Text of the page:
What is a Skyspace?


During this period, James and Head of School Bo Lauder developed a friendly relationship, and this was a foundational moment for the Skyspace. In 2013 the members of the School’s Administrative Committee visited Turrell’s legendary installation in the rotunda at the Guggenheim Museum, which was another important moment in the journey of the Friends Skyspace. 

In 2014, seeking to enrich the School’s Quaker mission, Bo invited James to Friends to discuss the possibility of an art installation as a capstone to the School's historic Campus Redevelopment Project that was about to be undertaken. 

Bo recalls: "The moment James arrived he said, 'Take me to the roof!'  Once he saw the unobstructed view of the sky above our buildings, the vision for the Friends Seminary Skyspace began."

James and Friends




Early Sketch of Leading by James Turrell

The chamber, measuring 19’ x 22’ x 24’, is sited on the School’s roof near the Greenhouse. The elegant, yet simple, design echoes the aesthetic of the Fifteenth Street Meetinghouse, inviting a metaphorical dialogue between the two spiritual spaces on campus. The architect of record for the Skyspace is Kliment Halsband Architects.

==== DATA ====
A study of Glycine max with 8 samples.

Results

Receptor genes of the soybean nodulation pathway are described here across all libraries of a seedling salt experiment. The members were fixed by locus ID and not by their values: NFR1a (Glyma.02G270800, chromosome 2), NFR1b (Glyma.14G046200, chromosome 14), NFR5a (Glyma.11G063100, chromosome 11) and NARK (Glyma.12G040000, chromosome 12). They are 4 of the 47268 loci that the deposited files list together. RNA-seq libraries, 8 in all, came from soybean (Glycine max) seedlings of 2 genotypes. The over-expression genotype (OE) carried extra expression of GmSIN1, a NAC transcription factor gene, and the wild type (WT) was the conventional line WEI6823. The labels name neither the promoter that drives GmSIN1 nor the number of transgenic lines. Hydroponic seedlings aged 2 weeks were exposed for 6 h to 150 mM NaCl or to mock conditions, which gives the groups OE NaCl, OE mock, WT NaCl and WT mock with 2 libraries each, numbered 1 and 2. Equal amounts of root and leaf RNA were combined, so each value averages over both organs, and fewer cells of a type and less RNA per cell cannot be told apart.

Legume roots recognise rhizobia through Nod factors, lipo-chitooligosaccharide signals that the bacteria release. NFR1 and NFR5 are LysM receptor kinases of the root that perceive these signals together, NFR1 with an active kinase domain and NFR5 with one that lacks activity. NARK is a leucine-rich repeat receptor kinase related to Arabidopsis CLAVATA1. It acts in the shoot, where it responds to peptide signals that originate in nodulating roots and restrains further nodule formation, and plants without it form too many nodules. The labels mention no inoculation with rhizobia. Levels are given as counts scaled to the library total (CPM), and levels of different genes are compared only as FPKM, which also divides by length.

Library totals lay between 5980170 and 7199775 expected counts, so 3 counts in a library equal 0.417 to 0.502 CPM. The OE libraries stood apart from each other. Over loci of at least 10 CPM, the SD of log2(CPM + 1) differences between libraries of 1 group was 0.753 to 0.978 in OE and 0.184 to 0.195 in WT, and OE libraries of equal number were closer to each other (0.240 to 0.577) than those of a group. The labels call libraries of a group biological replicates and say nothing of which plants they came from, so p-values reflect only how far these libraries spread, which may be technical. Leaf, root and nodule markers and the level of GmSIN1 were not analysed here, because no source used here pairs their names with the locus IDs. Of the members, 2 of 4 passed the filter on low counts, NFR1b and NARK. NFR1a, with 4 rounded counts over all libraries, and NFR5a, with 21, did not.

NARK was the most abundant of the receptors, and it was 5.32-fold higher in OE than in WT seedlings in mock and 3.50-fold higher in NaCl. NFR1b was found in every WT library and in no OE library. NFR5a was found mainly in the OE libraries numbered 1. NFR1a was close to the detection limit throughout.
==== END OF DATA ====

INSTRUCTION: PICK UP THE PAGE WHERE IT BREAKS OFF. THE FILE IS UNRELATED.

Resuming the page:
Design of Leading

Aerial of Skyspace with Roof Open



Looking Skyward


Renderings by Kliment Halsband Architects

Roof Open

The Skyspace is an extension of the School's Quaker mission.

Leading as a Community Space



James Turrell often refers to the influence of Quakerism on his life and practice. He uses light as a metaphor for life, for the spiritual essence that is shared by all people. In keeping with Quaker testimonies and Friends Seminary’s own mission, the Skyspace is not only be a work of art, but also a place of silence and contemplation.

The Skyspace is open to Friends community members throughout the school day for drop-ins, and teachers can also reserve the space as a classroom. From writing and reading to drawing to yoga to reflection, the Skyspace provides a unique environment for students and teachers to work within.  The Skyspace is also utilized weekly by students, faculty and staff for meditation sessions.

As Leading is a gift to Friends, it is also a gift to the city that surrounds it.  Classes from neighboring schools are encouraged to visit. Inquiries to arrange a class visit can be sent to Additionally, the Skyspace is open on a select day each month for the general public to visit. Click here to learn more.